Hundreds of fourth grade students from Marana Schools converged at the Silverbell District Park in late September to explore, experience, and understand the critical importance of water in the Earth system and Arizona’s water resources at the 7th annual Marana Water Festival.
Formed from a partnership between MUSD, Tucson Water, Arizona Project WET (University of Arizona), and the Town of Marana, the water festival educates students about the availability of water in our region while emphasizing its impact on their daily lives. In addition to the festival, the program provides teacher professional development, pre-festival curriculum in ten lesson plans, and connections to community volunteers who engage students in activities on groundwater, watersheds, the water cycle and water conservation technology.
“It’s fun to witness kids understand the importance of water, where it comes from and realize that it doesn’t come from a magic lake,” said Mrs. Michele Thelen, coordinator of gifted and talented education. “It’s also important for kids to continue exploring science through hands-on learning, like the water conservation activities, experiments and demonstrations they participated in at the park.”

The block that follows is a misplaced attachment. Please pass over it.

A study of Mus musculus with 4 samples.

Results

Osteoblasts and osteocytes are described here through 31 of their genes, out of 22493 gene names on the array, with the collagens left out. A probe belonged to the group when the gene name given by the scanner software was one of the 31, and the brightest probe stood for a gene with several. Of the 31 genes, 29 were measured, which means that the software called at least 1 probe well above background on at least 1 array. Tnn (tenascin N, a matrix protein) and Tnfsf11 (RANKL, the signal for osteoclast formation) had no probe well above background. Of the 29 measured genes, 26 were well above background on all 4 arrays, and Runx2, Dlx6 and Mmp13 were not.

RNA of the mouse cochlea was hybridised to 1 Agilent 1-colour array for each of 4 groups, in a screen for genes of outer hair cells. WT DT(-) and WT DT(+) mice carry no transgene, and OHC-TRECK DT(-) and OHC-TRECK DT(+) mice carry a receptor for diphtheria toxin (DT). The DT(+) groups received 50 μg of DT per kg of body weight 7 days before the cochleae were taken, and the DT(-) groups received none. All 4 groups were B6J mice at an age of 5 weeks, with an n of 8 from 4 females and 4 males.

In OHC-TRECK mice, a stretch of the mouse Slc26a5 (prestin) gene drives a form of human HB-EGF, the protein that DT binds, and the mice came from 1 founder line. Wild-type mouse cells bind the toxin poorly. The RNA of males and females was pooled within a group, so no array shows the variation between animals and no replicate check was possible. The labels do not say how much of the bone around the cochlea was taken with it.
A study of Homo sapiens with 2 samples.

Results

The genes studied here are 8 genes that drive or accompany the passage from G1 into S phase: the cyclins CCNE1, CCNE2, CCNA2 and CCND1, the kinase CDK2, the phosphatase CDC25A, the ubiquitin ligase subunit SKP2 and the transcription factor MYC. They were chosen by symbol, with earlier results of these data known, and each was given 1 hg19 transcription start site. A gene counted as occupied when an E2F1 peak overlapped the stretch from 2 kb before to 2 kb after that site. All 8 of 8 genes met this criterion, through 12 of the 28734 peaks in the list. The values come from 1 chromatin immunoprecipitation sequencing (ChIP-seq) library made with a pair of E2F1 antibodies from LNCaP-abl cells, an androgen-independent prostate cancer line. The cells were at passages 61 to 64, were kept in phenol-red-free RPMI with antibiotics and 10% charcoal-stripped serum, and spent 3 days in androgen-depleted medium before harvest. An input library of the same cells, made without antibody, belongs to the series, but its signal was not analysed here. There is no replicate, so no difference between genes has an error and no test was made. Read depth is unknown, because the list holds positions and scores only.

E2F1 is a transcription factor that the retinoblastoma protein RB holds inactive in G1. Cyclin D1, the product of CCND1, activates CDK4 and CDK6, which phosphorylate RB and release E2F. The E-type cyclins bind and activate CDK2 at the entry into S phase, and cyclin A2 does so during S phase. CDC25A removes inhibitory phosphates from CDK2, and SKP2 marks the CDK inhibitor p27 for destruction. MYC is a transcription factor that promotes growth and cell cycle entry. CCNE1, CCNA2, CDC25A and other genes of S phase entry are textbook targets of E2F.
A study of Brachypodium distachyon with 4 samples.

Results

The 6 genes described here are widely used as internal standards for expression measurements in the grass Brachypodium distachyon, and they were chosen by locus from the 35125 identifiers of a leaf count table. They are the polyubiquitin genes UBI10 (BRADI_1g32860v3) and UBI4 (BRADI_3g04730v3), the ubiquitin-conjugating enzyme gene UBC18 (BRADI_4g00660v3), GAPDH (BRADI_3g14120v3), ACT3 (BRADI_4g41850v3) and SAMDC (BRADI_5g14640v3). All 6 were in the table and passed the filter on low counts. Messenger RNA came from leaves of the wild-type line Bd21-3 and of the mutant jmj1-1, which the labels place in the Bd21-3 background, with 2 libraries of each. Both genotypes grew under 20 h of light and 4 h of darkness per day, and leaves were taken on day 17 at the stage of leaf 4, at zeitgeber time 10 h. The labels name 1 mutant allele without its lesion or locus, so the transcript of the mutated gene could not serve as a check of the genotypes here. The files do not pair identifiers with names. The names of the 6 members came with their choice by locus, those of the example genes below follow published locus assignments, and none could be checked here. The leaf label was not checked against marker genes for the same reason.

Holly Thomas-Hilburn, Director of Arizona Project WET, said this outreach helps bridge the gap between water professionals and K-12 educators to teach students about water.
“We’re all talking about water right now and shortages on the Colorado River and what that means for our CAP allotment. Building this sort of basic foundational water literacy for fourth graders is a really important first step toward making good water decision makers who understand the system that we rely on to get water to our community.”
Thank you to our community partners, Tucson Water, Arizona Project WET (University of Arizona), and the Town of Marana, along with the countless event volunteers, for sharing and teaching our students about key water concepts!